The IRS imposes a hefty 10 percent penalty on withdrawals from an IRA before age 59 1/2. However, sometimes people take money from an IRA without realizing that the IRS has a few exceptions to this age limit. It’s possible to withdraw money early from your IRA and avoid penalties, but you’ll need to understand some basics before exploring what avenue may help you. Those who qualify for an exception may be able to save a nice chunk of their withdrawal dollars from penalties.
Use your Roth IRA before any traditional IRAs. Money you’ve contributed to a Roth IRA was never deducted from your taxes, so you’re allowed to claim all these funds penalty-free. Don’t use your Roth IRA as a savings account, though. Most funds used for a Roth IRA, such as mutual funds, can be volatile and once you remove a contribution, it can’t be replaced.
Explore substantially equal period payment rules. Anyone is allowed to remove money early from their IRA without penalty if they take funds annually for at least five years. The withdrawals have to extend beyond age 59 ½ and may be taken in any method you wish. The bad news is that you aren’t allowed to choose the amount of the withdrawals; they occur according to a IRS table based on your life expectancy.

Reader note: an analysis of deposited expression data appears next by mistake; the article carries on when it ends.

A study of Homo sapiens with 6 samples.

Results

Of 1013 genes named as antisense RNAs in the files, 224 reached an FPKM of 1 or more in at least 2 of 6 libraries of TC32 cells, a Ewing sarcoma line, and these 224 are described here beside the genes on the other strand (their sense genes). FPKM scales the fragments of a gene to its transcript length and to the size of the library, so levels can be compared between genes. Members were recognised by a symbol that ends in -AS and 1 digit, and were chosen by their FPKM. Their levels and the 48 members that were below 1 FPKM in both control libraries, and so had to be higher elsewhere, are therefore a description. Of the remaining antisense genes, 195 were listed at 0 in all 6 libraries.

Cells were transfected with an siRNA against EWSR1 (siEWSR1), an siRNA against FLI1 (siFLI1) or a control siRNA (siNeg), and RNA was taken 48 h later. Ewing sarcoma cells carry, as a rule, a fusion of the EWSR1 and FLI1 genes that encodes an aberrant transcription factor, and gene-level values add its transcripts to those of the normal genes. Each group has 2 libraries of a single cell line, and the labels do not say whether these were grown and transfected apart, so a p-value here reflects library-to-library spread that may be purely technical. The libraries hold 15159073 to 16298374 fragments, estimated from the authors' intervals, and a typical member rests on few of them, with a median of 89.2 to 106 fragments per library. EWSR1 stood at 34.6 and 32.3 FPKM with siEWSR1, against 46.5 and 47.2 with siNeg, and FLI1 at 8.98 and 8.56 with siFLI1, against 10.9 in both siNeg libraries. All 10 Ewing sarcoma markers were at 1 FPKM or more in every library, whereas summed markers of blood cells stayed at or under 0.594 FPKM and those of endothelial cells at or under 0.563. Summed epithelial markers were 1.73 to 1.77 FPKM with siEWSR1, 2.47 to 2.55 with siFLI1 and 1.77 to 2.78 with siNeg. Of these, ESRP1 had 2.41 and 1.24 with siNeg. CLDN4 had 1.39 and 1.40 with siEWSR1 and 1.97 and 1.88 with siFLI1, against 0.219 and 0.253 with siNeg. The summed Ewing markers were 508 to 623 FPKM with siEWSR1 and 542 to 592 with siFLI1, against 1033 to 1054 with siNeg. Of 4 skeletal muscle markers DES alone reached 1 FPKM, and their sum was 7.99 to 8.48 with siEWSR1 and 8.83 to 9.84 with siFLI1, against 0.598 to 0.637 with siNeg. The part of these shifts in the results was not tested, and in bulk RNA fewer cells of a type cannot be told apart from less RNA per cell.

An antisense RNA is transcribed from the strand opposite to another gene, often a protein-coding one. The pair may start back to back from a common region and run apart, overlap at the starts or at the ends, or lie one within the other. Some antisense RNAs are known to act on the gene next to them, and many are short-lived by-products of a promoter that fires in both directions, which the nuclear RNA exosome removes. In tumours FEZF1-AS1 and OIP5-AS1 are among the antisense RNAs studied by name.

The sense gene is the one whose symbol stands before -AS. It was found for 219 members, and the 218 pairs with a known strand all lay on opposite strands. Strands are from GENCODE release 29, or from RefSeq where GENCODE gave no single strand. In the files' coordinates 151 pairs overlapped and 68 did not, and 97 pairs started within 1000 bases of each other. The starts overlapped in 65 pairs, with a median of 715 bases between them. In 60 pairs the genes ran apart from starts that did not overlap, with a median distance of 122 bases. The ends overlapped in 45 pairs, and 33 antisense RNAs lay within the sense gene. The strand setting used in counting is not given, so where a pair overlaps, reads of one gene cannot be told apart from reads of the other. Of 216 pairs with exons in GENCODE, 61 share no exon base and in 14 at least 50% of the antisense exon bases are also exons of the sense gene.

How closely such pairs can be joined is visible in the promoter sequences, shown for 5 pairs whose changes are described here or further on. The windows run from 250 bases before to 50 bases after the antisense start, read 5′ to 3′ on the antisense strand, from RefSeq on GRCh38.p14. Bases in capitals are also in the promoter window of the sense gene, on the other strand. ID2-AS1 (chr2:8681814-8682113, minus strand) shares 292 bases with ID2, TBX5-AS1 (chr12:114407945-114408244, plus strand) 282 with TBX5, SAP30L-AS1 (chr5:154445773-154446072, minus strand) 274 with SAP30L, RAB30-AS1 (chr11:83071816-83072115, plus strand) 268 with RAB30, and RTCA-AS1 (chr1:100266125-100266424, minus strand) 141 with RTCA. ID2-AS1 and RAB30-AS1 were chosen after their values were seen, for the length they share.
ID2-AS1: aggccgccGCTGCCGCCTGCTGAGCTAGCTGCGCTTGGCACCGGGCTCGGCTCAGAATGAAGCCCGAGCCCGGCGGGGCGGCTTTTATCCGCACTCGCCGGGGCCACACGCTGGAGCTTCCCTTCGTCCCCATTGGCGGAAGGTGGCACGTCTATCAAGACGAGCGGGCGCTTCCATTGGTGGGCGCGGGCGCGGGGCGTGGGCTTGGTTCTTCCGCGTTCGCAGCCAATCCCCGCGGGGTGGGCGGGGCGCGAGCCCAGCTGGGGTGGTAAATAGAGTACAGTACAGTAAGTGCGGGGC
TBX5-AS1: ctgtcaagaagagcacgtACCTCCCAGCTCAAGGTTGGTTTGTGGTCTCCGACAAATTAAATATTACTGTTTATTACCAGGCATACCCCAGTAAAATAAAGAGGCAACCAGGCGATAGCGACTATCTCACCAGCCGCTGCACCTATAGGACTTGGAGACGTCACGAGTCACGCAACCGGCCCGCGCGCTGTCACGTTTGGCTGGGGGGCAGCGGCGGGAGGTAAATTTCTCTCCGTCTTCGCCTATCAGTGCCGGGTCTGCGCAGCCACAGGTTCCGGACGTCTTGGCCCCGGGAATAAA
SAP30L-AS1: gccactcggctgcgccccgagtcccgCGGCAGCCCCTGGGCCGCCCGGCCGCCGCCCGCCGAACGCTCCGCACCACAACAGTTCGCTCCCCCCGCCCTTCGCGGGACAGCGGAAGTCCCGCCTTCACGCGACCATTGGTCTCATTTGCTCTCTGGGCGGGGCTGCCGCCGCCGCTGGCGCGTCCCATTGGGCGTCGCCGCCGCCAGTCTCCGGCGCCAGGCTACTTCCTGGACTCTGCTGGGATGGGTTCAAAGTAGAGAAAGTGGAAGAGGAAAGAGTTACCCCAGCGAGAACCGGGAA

Pay back the funds in 60 days or less. The IRS allows you to move money penalty-free as long as it’s returned by the 60 day deadline. The IRS considers this to be a non-taxable rollover of funds. Don’t think of your IRA as a place to frequently borrow money. The rules only allow you to remove funds once every 12 months for each account.
Use IRA money to purchase a new home or education expenses. If you’re considering using IRA money to pay the bills while you’re in school or buying your first home, you may be able to do so penalty-free. You may take up to $10,000 from your IRA for a first-time home purchase. Education expenses such as tuition, books and supplies are penalty-free for yourself, your spouse or your children or grandkids. An IRA can be used for room and board also, as long as the student is enrolled at least half-time.
Use your IRA to pay non-reimbursed medical expenses. If your medical bills are over 7 1/2 percent of your adjusted gross income, you’re allowed to use IRA dollars penalty-free. If you’re unemployed and are paying out-of-pocket for health insurance, this is covered after you’ve collected unemployment benefits for 12 consecutive weeks.
As a former financial advisor to companies and individuals for 16 years, Joe Andrews knows financial planning and marketing from start-ups to personal budgets. He also writes on motor racing, board games and travel. Andrews received his B.A. from Michigan State University in English. He is currently working on a young adult novel.